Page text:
Thursday, October 27, 2016

Angry white men are getting older and fewer

My grandson’s kindergarten day had just ended one afternoon last spring. Children poured from the schoolhouse to waiting parents. Muslim parents retrieved their child as black and brown, Asian-American, and Caucasian children, each exhibiting a range of abilities and disabilities, warmly greeted their parents.

How different from the school in which we baby-boomers grew up. These kids are coming of age in a time when their schools are integrated. So are their families and even the White House.

My grandson slid into his booster seat. I buckled him and walked around to the driver’s side. As the car pulled away from the parking lot, NPR was in the middle of a story about Barack Obama. The announcer said, “He’s the first African-American President of the United States.”

My oldest grandchild is an interracial child as the President once was. Rhyland tunes into anything Obama. “Grandpa, is that true? Is Barack Obama the first African-American president ever?” Yes, I told him. Rhyland asked simply, “Why?” The question hung in the air.

How do you explain to a five-year-old a nation whose founders made the extraordinary claim that, “We hold these truths to be self-evident, that all men are created equal” when those truths have never been “self-evident.” How do you explain the struggle Americans have had over the decades trying to grow into those lofty words?

Our nation is in the process of explaining itself. My grandson will likely reach at least his 14th birthday, never having known a white male as President of the United States.

“That depends,” you say, “on Hillary Clinton being elected.” Americans won’t elect the narcissistic, racist, misogynist, uninformed, reality TV star. If I’m wrong, my premise falls apart along with my grandchildren’s future.

Whether she wins a second term, doesn’t change the argument. After Mr. Obama’s eight years and Mrs. Clinton’s one or two terms, the odds of a white male following her into the Oval Office diminish each day.

The ethnic make-up of the United States is changing fast. Marcelo Suarez-Orozco of UCLA is a global expert on immigration. Suarez-Orozco reviews the demographic evidence. This is what he sees. “The fast-growing demographic today is now the children of immigrants. Moving forward, the U.S. will become the first major post-industrial society in the world where minorities will be the majority.”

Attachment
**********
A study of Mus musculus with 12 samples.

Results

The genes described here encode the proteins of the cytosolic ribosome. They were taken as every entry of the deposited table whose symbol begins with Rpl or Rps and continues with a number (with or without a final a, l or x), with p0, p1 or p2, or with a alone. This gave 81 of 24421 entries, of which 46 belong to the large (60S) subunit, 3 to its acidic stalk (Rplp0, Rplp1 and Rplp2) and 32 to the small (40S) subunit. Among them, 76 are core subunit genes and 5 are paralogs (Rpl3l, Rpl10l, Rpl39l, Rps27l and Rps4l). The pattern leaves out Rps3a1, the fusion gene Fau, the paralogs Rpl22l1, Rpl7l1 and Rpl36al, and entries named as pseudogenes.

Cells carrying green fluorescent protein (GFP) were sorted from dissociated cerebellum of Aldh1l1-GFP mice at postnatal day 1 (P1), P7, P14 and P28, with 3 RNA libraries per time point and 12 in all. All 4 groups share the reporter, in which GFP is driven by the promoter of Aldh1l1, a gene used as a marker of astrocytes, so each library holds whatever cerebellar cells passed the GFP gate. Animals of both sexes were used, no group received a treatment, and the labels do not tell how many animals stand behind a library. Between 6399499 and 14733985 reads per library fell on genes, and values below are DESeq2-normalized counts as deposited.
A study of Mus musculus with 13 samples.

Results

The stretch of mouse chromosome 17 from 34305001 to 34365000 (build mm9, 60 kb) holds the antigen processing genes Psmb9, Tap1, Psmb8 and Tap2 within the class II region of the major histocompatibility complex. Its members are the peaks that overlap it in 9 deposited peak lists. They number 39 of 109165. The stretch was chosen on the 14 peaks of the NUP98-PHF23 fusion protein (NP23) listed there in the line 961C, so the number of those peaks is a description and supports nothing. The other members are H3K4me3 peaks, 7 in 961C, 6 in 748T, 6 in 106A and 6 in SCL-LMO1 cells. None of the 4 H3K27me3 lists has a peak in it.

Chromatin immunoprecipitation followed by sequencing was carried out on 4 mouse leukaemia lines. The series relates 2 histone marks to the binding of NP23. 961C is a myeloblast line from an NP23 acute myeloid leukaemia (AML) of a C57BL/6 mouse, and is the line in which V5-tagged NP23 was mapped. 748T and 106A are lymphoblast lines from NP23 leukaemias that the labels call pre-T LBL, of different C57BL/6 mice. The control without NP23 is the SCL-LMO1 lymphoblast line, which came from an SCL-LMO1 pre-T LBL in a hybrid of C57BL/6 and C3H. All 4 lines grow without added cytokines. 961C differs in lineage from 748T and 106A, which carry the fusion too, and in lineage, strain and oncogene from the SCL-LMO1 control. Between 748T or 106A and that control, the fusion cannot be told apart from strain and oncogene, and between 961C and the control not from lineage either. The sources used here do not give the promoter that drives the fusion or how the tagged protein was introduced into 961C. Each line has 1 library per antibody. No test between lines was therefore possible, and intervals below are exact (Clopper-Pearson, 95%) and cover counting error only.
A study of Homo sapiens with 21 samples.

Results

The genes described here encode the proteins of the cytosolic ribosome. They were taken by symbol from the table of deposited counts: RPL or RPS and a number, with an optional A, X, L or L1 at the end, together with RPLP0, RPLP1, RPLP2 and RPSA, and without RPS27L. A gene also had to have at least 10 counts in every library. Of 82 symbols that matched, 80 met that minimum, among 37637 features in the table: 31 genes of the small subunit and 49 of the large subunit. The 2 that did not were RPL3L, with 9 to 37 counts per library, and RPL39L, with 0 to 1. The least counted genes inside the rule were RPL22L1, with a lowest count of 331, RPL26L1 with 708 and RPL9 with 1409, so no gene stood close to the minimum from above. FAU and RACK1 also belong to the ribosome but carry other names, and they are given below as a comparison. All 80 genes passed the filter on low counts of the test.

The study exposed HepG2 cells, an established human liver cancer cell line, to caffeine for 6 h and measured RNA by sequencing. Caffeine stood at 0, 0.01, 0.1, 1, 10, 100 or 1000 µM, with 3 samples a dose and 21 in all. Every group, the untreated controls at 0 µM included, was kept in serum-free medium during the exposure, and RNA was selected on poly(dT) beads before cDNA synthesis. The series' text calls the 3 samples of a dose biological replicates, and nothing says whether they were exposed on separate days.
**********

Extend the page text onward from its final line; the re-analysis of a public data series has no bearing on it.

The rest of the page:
The Census Bureau predicts non-Hispanic whites will lose their majority status and with it their historic hold on American politics, business and banking, academia and more. White privilege will be seen only through the rearview mirror.

One day as Rhyland played “Angry Birds,” I asked jokingly what the birds were so angry about. One day he’ll ask me what those white males were so angry about back in 2016. Truthfully many of them are angry that black people are living in the White House.

They’re angry about changing demographics. Soon there’ll be no white majority, only pluralities of diverse cultures. They are angry about marriage equality, bilingual ballots, biracial and same-sex couples on TV. They’re angry that there are fewer Christian churches and growing numbers of Mosques. In his memoir Hillbilly Elegy, J.D. Vance says their anger doesn’t have much to do with skin color as it does with time spent listening to fringe conspiracy theorists. As a result, they believe “the worst about their society.” Vance concludes correctly, “You can’t believe these things and participate meaningfully in society.” And they don’t participate meaningfully. They participate meanly.

Watch TV coverage of a Trump for President rally. Nearly all the heads are male, bald or gray. Fortunately, angry white men are getting older and fewer. By the time my grandson is voting age, they will be so few in numbers as to not warrant news coverage even on FOX, assuming it survives this evolution.

When my grandchildren and kids their age study history, they’ll simply shake their heads in disgust that there was a time when the color of your skin, your religion, gender identity or sexual orientation mattered more than your character.